CHAPTER XVIII. Fights - Prize fights - Fist fights - Special moon for fighting - Summary justice - The use of the top-knot - Cruelty - A butcher combatant - Stone-fights - Belligerent children - Battle between two guilds - Wounded and killed.

One of the characteristic sights in Cho-sen is a private fight. The natives, as a rule, are quiet and gentle, but when their temper is roused they seem never to have enough of fighting. They often-times disport themselves in witnessing prize-fights among the champions of different towns, or of different wards in the same town, and on these occasions large crowds assemble to view the performance. The combatants generally fight with their fists, but, like the French, are much given to use their knees and feet as well in the contest. Much betting, also, goes on amongst the excited spectators, and it is not seldom that a private contest of this kind degenerates into a free fight.

The lower classes in the towns thoroughly enjoy this kind of sport, and the slightest provocation is sufficient to make them come to blows. The curious point about their fighting is that during the first moon of the new year all rows can be settled in this rough and ready manner, without committing any breach of the law. Hence it is that during that moon, one sees hardly anything but people quarrelling and fighting. All the anger of the past year is preserved until the New Year festivities are over, but then free play is straightway given to the bottled-up passions. Were a man even to kill his antagonist during a fight at this legalised season, I doubt whether he would be imprisoned or punished; very likely not.

For about fifteen days, in truth, things are simply dreadful in the streets. Go in one direction, and you see people quarrelling; go in another, and you see them fighting. The original causa movens of all this is generally cash!

When a deadly fight takes place in the streets, you may at once set it down as having arisen over, say, a farthing! Debts ought always to be paid before the old year is over; and, occasionally, grace is allowed for the first fifteen days in the first moon; after that, the defaulting debtors get summary justice administered to them. Creditors go about the town in search of their debtors, and should they come face to face, generally a few unparliamentary remarks are passed, followed by a challenge. Hats are immediately removed, and given for safe keeping to some one or other of the spectators, a crowd of whom has, of course, at once assembled; and then the creditor, as is customary under such circumstances in all countries, makes a dash for his debtor. The main feature about these fights, so far as I could judge, was the attempt of each antagonist to seize hold of the other by his top-knot. Should this feat be successfully accomplished, a violent process of head-shaking would ensue, followed by a shower of blows and scratches from the free hand, the lower extremities meanwhile being kept busy distributing kicks, really meant for the antagonist, but, occasionally, in fact often, delivered to some innocent passer-by, owing to the streets of Cho-senese towns not being as a rule over-wide.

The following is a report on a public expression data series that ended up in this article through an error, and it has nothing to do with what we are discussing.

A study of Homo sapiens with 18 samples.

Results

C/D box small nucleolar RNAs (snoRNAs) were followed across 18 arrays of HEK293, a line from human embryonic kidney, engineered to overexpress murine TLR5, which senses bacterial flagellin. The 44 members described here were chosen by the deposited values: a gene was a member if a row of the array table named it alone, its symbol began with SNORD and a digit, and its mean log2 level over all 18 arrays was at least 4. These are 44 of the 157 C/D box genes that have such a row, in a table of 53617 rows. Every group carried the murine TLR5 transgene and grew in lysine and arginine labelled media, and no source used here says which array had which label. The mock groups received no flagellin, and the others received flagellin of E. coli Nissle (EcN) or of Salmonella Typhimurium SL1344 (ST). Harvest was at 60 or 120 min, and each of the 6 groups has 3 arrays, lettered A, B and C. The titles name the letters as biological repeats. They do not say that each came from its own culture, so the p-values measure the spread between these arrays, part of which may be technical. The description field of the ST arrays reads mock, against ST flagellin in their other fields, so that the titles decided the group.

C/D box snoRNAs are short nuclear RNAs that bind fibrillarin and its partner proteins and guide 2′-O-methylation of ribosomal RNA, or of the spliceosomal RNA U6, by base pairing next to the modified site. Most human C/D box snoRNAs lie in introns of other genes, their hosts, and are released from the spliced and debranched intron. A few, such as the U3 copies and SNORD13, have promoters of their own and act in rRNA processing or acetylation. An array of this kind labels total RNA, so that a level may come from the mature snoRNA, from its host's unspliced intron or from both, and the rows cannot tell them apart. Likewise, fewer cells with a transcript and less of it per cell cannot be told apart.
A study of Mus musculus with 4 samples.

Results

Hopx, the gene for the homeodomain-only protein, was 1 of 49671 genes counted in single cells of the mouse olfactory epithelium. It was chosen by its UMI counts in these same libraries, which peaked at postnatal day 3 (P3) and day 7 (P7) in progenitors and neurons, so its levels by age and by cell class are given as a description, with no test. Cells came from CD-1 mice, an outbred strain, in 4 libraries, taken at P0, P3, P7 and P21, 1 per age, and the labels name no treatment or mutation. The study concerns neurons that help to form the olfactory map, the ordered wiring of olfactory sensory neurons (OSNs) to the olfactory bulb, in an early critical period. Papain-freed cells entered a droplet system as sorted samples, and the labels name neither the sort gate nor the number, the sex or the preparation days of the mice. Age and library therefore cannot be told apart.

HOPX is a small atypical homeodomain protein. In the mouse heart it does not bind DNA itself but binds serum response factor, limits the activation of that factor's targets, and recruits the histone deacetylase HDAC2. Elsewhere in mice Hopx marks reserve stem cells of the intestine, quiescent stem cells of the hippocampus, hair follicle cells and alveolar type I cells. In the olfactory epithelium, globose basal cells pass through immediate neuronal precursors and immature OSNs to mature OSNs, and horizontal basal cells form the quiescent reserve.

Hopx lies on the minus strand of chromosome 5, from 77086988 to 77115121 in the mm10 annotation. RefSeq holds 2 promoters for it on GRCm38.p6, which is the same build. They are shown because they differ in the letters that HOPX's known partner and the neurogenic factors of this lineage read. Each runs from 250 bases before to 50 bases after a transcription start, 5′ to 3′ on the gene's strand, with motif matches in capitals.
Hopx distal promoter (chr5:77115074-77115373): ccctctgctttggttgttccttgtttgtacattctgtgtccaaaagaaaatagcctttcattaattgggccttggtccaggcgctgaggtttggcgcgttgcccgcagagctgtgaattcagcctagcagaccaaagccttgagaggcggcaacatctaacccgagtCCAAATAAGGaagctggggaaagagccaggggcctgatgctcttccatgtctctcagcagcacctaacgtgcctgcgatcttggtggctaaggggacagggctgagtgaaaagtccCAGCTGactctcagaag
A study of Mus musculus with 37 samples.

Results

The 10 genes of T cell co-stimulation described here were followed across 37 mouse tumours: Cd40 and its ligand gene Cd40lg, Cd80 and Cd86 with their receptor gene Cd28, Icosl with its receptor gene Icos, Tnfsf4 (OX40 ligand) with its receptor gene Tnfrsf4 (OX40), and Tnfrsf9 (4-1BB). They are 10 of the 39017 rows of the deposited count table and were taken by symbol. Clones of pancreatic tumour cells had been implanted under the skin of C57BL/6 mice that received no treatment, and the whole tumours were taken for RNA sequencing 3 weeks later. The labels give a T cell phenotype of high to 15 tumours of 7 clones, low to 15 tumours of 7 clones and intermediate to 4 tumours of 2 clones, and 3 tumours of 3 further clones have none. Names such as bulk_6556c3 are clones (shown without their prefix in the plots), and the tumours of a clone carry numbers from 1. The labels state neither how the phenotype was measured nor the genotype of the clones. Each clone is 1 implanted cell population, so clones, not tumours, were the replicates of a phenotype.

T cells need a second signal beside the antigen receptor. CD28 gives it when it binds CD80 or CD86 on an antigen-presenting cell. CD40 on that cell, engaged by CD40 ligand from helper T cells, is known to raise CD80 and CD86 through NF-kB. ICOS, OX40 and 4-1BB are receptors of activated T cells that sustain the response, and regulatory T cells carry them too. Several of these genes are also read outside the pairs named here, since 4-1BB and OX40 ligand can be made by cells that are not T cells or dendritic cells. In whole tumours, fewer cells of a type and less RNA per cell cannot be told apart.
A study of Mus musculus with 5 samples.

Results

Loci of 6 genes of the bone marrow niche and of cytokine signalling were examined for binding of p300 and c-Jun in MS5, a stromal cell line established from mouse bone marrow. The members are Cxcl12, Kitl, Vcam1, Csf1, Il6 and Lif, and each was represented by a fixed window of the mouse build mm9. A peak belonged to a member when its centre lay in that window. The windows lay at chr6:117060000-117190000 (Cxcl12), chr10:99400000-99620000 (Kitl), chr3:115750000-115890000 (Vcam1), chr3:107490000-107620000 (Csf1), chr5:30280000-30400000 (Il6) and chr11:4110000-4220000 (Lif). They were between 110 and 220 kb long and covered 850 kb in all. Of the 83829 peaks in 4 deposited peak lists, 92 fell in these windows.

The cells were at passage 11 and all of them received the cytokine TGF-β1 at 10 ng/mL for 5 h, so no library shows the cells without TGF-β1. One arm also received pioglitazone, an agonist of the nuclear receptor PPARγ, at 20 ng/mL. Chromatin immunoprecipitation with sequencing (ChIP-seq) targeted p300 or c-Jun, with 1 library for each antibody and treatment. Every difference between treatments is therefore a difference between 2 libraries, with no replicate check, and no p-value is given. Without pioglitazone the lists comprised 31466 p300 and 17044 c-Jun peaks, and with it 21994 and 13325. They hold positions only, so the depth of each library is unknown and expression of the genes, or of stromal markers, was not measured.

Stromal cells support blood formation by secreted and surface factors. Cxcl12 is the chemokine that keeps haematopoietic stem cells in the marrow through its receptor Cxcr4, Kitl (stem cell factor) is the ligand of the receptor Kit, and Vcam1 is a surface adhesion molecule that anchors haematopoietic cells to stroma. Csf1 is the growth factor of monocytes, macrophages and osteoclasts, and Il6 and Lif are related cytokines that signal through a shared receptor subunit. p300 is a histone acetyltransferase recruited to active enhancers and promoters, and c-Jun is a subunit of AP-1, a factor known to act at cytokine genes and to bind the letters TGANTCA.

When in a passion, the Coreans can be very cruel. No devices are spared which can inflict injury on the adversary, and scratching and biting during these fights are common concomitants. One afternoon, as I was returning from a call at the Japanese Legation, and was proceeding down a slight incline, riding Mr. Greathouse's horse, I witnessed a dreadful scene. A butcher and another tradesman were settling questions in their own delightful way, and were knocking each other about. At last, the butcher felled the other man with a blow of a short club - like a policeman's club - which is often made use of in these fights. As the man lay motionless on the ground, the other, far from being content with what he had done, seized a huge block of wood, one of those upon which they chop up the meat, and, lifting it up with a great effort, dropped it on his antagonist's head, with a dreadful sounding crack, which smashed his skull, as one would a nut. Then, sitting triumphantly on the wooden block, he solicited the compliments of the spectators.

Special interest is taken when the women fight, that is, among the very lowest classes, and frequently the strings of cash earned during the day are lost or doubled on the odds of the favourite.

The better classes, it must be said to their credit, never indulge in fist-fighting in public, though occasionally they have competitions in their own compounds, champions being brought there at great expense and made to fight in their presence. I believe they consider it to be degrading, either first, to lose one's temper, or secondly, to administer justice in such a fashion.

The most important contests of all are the stone and club-fights, which are a national institution, approved by the Government and patronised by everybody. They sometimes attain such large proportions as to be regular battles. Supposing that one town or village has, from motives of jealousy or other causes, reason to complain of a neighbouring city or borough, a stone-fight during the first moon is invariably selected as the proper method of settling the difference. Private families, with their friends, fight in this way against other private families and their allies; and entire guilds of tradesmen sometimes fight other guilds, several hundreds of men being brought into the field on either side.